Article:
Historically, the evolution of government systems was mainly driven by violence, with invasions and revolutions being the principal agents of selection process. The rules of the game were predetermined by our environment - land was a limited resource, for which our ancestors had to compete, if only to ensure the survival of their descendants.
The 20th century introduced a game changer. As agricultural productivity in developed countries rose by orders of magnitude and natural population growth practically came to a halt, possessing a large territory stopped being a necessity. Countries with little arable land, ultra-high population density and no natural resources can now not only feed their population, but also achieve top living standards. These changes may open a fundamentally different route for societal evolution – one that would not be based on violence or compulsion.
A small thought experiment - imagine what would happen if central governments cede most powers to smaller territorial units:
- The initial result will be political divergence - with less interference from central authorities, policies of local communities will inevitably move away from the political center. The divergence will further increase as people gradually relocate to communities whose laws closely reflect their own preferences.
- Eventually, successes and failures of each community will clearly demonstrate the consequences of their policies, and the process of political divergence will be reversed. Local governments that fail to emulate the best examples will simply lose their population, who will vote against them with their feet. Just like natural selection promotes survival of the fittest, competition between different communities will promote policies that maximize human wellbeing.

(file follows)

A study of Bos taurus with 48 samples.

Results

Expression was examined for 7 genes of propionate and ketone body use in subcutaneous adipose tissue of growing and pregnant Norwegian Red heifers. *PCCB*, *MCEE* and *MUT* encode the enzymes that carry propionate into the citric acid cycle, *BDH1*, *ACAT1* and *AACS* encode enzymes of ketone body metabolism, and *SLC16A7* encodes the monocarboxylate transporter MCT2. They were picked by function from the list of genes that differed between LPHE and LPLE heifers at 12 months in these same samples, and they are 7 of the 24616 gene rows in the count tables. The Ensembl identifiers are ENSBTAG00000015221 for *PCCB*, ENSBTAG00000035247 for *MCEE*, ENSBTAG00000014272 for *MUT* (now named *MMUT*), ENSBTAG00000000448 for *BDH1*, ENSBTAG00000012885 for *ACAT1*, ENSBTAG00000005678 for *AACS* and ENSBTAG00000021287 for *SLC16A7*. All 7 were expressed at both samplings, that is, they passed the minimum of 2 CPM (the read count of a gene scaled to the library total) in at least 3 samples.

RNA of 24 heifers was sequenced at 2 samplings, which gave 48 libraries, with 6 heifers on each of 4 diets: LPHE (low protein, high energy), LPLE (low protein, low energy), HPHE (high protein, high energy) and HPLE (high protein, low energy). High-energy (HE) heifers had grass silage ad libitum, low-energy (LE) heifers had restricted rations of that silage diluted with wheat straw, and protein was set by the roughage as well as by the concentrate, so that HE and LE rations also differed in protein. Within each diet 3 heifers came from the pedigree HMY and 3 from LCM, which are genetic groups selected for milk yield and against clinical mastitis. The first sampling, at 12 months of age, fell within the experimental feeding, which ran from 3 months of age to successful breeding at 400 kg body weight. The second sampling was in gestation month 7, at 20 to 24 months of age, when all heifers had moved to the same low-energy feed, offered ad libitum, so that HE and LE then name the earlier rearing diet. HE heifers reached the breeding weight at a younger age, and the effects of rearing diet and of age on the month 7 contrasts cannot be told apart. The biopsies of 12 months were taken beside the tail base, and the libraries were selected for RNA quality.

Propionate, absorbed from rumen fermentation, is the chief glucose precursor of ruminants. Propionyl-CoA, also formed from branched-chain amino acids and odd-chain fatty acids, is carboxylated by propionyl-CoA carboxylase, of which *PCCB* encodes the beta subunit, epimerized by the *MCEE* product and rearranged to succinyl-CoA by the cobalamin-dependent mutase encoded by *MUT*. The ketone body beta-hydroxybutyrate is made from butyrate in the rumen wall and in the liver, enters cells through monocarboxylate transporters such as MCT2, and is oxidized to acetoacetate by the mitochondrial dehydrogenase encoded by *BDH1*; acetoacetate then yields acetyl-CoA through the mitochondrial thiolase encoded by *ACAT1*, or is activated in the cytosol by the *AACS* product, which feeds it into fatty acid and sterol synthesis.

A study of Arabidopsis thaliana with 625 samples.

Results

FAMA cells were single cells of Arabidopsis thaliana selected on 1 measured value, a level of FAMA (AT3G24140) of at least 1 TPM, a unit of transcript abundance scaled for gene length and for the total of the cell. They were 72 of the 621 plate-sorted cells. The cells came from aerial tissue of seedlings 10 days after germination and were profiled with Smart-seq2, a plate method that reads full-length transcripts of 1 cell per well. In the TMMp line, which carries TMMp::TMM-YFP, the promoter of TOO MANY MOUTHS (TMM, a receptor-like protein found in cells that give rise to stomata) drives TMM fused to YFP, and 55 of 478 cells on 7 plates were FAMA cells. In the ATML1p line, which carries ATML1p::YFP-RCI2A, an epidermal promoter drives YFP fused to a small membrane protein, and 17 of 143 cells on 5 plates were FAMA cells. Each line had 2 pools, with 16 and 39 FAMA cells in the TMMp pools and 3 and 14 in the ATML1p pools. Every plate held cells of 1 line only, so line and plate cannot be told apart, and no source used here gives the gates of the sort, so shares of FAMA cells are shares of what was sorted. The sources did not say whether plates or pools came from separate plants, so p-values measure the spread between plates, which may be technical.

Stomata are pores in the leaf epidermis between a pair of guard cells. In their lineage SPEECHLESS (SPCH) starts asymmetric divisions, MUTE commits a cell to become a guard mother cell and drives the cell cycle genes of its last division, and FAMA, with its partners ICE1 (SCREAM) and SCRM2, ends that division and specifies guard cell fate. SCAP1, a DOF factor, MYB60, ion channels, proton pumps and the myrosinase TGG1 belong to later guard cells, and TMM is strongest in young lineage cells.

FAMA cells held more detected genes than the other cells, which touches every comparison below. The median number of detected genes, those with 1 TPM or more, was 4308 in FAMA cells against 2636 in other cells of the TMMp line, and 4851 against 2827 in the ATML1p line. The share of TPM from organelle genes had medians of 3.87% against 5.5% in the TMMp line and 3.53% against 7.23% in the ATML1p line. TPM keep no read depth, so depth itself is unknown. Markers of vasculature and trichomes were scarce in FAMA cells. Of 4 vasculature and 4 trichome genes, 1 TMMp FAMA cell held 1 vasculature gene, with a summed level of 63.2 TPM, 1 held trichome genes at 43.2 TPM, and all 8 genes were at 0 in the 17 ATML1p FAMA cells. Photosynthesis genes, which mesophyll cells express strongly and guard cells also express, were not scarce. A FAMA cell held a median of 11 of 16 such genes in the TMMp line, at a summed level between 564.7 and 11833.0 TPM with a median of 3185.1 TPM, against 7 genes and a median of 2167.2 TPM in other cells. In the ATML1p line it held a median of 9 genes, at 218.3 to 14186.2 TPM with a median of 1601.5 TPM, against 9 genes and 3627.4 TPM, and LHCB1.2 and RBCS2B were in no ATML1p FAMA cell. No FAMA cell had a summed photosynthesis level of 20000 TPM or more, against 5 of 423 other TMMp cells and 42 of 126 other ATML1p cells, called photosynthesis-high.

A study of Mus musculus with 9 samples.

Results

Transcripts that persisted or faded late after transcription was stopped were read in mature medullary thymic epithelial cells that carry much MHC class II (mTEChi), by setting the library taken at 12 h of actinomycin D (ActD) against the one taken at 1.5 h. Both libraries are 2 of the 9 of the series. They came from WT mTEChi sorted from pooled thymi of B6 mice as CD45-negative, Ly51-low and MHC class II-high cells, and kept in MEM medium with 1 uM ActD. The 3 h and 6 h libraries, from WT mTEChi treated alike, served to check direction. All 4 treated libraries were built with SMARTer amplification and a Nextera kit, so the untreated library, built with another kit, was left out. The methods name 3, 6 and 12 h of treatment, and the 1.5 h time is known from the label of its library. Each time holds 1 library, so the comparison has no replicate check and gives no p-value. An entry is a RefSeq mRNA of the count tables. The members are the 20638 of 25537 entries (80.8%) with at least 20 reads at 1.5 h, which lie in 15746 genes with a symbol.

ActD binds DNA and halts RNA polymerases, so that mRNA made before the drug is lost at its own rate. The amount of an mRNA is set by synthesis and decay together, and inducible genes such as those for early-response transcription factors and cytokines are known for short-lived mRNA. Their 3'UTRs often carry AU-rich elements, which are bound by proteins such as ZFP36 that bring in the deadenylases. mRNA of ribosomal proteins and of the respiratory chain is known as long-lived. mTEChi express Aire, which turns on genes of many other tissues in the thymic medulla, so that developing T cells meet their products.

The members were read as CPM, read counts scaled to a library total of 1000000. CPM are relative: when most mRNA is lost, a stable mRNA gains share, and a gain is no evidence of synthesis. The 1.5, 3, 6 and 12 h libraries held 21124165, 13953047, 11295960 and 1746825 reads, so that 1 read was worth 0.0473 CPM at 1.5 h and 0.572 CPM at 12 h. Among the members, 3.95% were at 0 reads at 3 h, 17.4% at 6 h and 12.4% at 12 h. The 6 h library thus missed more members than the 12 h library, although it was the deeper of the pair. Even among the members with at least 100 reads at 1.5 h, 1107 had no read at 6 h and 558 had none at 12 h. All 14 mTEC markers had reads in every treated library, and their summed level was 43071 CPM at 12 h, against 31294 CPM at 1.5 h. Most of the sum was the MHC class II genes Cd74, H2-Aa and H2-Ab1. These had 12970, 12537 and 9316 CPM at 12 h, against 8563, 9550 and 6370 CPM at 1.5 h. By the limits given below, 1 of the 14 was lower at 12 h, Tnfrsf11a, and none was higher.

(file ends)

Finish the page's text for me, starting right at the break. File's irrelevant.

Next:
- In the end, it is likely that a significant difference between communities will persist (after all, even siblings have different tastes). However, peculiar policies of each community will be a voluntary choice of its residents, and people with different ideologies will no longer have to impose their views on each other.
Unfortunately, there are serious obstacles to the successful implementation of this idea:
- It is not clear how central governments can be made to cede any of their powers. Even politicians elected on the platform of curtailing government power would be strongly tempted to renege on their promises.
- Several countries in the past were organized along somewhat similar principles – the city-states of the Ancient Greece, Northern Italy during the Renaissance period and the Dutch Republic during its Golden Age. Each achieved spectacular economic, technological and cultural development, but in all cases either the country itself or its political system eventually fell as a result of external aggression. This threat is still relevant, as many nations have not yet reached the economic or mental stage when they are no longer interested in territorial conquests.
- Most importantly, it is not clear how people from fundamentally different political camps (e.g., socialists and libertarians) can be convinced to work together for a common purpose.
Do you think these problems are solvable?